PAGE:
Maintenance is an important part of owning a boat. Even though boats today are designed to be as low-maintenance as possible, there are still several things you need to do to keep your craft in good condition and prevent incidents on the water.
Not sure where to start? Read on for Drive a Boat Canada’s guide to boat maintenance. Note that there are many different types of boats and engines, so in addition to following these general guidelines, it’s always a good idea to check your owner’s manual for specific instructions about care and maintenance.
It’s important to clean the exterior of your boat regularly. In addition to keeping your boat looking its best, regular cleaning helps prevent mildew and erosion. It protects the boat’s structure and prevents the spread of invasive species as you take your boat from one waterway to the next. Cleaning your boat can even help save fuel—a dirty hull increases fuel expenditure by as much as 30%!
It’s a good idea to wash your boat down after every one or two excursions. This will help keep buildup to a minimum and make periodic in-depth cleaning easier. Always use fresh water when hosing down your boat.
If your hull is made of fibreglass, it will usually have a gel coat finish that protects it from salt water, sun and the elements. Gel coats need to be waxed and polished a few times a year to remain in good condition. A gel coat with an oxidized, chalky appearance is a sign that it needs a wax!
Canvas is a general term for the types of fabrics commonly found on boats, from tops and covers to sails. Canvas and upholstered seating should be washed periodically with a light brush or sponge, mild soap and fresh water to prevent mildew. If mildew stains appear despite your best efforts, you can try to eliminate them with Oxy Clean diluted with water.
Vinyl is a fabric that is often used on boats because it is durable and easy to clean. Polyvinyl chloride (PVC) is often used to create clear window-like panels in canvas elements. Note that vinyl and PVC should never be washed with strong ammonia or bleach-based cleaning products.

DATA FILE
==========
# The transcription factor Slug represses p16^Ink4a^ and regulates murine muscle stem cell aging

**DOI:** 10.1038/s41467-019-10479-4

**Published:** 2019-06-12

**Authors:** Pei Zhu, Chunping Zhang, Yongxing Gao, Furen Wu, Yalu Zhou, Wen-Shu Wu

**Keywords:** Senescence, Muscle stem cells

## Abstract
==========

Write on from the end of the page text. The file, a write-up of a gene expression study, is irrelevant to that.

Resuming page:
It’s important to perform inspections, checks and maintenance at the beginning of each season to make sure your boat is ready for the water after a winter of disuse.
Here is a checklist of tasks to carry out before taking your boat out for the first time in the spring.
There are a few things you should do every time you go out to make sure your boat remains seaworthy.
Before every trip, check to make sure you have enough fuel, oil, and battery power. Make sure your bilge pump and water intake are free of debris, and check your hull for damage. Finally, inspect your propeller. Check for damage, debris and fishing lines, and make sure it’s well secured to prevent it from coming loose on the water.
Regardless of where you’re boating, it’s important to flush your engine with fresh water after every trip. This prevents salt from corroding the internal components of the engine in saltwater, and eliminates sand, mud and debris in freshwater. Some boats have built-in flushing systems. For those that don’t, devices called flushers are available for purchase.
Some elements of your boat should be checked and maintained periodically throughout the season to make sure everything remains in good working order.
At the end of the boating season, a certain amount of maintenance must be done to prepare your boat for winter storage.
There are a few different options for storing your boat over the winter.
Annual maintenance rarely costs more than 10% of the boat’s original price, and often much less, particularly early on in its lifespan. Of course, maintenance costs vary depending on the size and type of boat and how often it’s used.
Now that you know how to care for your pleasure craft, it should be easy to keep things shipshape! With proper maintenance, you can extend your boat’s lifespan and prevent unfortunate incidents like your battery dying on the water.